Mentally focus on your heart. It can help you regulate your emotions. Picture taking disturbed feelings into the heart and soaking them there. This won’t necessarily make the issue disappear, but it can take the density out of your cellular memory and reduce its power. (Childre, Doc and Howard Martin. The HeartMath Solution. p 193-194. CA: Harper SF, 1999.)

Adult relationship problems may have their roots in the very different lessons taught in childhood (e.g., girls: discuss emotions, boys: compete and ignore emotions). (Goleman, Daniel, PhD. Emotional Intelligence. p 129-132. NY: Bantam Books, 1995.)

An ability to read emotions is critical to good social skills / relationships. Researchers at the University of Geneva, Switzerland, have identified spatial signatures of emotion in the primary auditory cortex (temporal lobes at the side of the brain responsible helping to decode the sensation of sound). This area reacts more strongly to anger, joy, relief, and sadness than to neutrality. These findings may help researchers to better understand conditions such as Schizophrenia, Autism, and even depression. (Fisher, Helen. Emotional Speech Leaves Signature on the Brain. NewScientist, 2009.)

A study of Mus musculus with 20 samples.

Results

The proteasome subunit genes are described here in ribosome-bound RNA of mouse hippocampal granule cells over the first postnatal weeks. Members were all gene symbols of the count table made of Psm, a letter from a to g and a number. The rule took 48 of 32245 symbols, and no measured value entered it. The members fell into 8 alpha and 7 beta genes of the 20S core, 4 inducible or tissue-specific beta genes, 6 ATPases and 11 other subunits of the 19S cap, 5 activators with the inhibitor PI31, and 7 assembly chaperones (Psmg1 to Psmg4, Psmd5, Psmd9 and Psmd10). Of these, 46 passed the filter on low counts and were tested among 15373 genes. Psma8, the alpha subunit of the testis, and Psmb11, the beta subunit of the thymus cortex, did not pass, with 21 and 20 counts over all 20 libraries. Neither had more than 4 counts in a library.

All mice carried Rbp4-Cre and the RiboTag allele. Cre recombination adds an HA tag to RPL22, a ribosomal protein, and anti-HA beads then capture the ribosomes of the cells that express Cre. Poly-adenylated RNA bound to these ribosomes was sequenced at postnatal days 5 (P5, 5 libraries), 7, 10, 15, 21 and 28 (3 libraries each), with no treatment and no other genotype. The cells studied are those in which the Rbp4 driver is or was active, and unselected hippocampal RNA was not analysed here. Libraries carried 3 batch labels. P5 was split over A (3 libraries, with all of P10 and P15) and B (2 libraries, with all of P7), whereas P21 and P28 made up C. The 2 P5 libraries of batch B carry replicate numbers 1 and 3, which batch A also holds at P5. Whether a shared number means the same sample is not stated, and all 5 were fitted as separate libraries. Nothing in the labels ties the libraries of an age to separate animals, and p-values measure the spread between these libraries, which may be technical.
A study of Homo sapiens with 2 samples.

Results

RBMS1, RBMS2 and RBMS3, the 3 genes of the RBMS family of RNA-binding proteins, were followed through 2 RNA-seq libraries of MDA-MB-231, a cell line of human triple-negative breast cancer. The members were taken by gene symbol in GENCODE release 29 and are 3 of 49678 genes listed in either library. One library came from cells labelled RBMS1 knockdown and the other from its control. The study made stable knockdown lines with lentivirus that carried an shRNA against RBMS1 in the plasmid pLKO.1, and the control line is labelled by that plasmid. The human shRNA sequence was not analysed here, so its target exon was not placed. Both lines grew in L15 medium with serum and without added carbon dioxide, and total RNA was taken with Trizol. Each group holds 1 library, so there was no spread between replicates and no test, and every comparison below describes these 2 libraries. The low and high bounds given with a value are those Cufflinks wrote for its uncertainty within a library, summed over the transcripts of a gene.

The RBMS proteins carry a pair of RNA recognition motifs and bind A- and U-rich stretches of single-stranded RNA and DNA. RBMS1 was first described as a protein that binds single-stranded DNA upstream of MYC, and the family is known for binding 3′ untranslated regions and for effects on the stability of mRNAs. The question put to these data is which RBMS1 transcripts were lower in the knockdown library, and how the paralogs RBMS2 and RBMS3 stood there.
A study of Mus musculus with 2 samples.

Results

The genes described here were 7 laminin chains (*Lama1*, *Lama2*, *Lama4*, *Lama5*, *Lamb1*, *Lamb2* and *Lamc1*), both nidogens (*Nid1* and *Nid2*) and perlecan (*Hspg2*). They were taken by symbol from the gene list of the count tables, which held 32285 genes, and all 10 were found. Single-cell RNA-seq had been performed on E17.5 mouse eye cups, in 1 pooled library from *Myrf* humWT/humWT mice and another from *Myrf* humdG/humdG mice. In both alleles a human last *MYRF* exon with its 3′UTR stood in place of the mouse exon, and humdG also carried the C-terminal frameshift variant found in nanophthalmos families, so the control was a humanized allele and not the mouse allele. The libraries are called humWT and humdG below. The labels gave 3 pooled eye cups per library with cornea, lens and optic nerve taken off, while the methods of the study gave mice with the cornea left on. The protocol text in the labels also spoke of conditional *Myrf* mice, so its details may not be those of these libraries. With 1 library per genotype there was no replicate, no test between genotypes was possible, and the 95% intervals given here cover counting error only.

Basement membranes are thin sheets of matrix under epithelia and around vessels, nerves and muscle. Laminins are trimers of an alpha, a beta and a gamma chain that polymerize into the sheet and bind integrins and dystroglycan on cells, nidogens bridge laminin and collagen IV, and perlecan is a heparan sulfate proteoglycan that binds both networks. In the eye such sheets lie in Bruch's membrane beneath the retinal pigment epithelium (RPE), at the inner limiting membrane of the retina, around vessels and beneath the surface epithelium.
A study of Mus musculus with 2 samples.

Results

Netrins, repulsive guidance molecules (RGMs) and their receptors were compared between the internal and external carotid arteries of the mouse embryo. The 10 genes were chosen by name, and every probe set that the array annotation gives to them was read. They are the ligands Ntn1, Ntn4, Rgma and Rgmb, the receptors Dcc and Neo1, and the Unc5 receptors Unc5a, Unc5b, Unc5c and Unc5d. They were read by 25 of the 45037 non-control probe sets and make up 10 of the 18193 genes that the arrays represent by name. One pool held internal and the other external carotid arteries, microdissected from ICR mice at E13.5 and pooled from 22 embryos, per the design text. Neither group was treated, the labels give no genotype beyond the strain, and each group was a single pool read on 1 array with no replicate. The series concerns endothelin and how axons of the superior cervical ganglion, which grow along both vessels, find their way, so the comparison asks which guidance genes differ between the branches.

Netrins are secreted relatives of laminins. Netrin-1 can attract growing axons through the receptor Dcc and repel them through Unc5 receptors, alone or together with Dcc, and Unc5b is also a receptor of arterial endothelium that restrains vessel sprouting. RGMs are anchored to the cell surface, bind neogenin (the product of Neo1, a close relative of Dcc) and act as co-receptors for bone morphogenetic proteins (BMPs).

Study: Emotions spread whenever people are near one another, even when the contact is only noverbal. When three strangers sit facing each other in silence for a minute or two, the one who is most emotionally expressive transmits his or her mood to the other two without speaking a word. (Goleman, Daniel, PhD, with Richard Boyatzis, and Annie Mckee. Primal Leadership. p 6-8. Boston: Harvard Business School Press, 2002.)

Refer to Emotions and Feelings for additional information.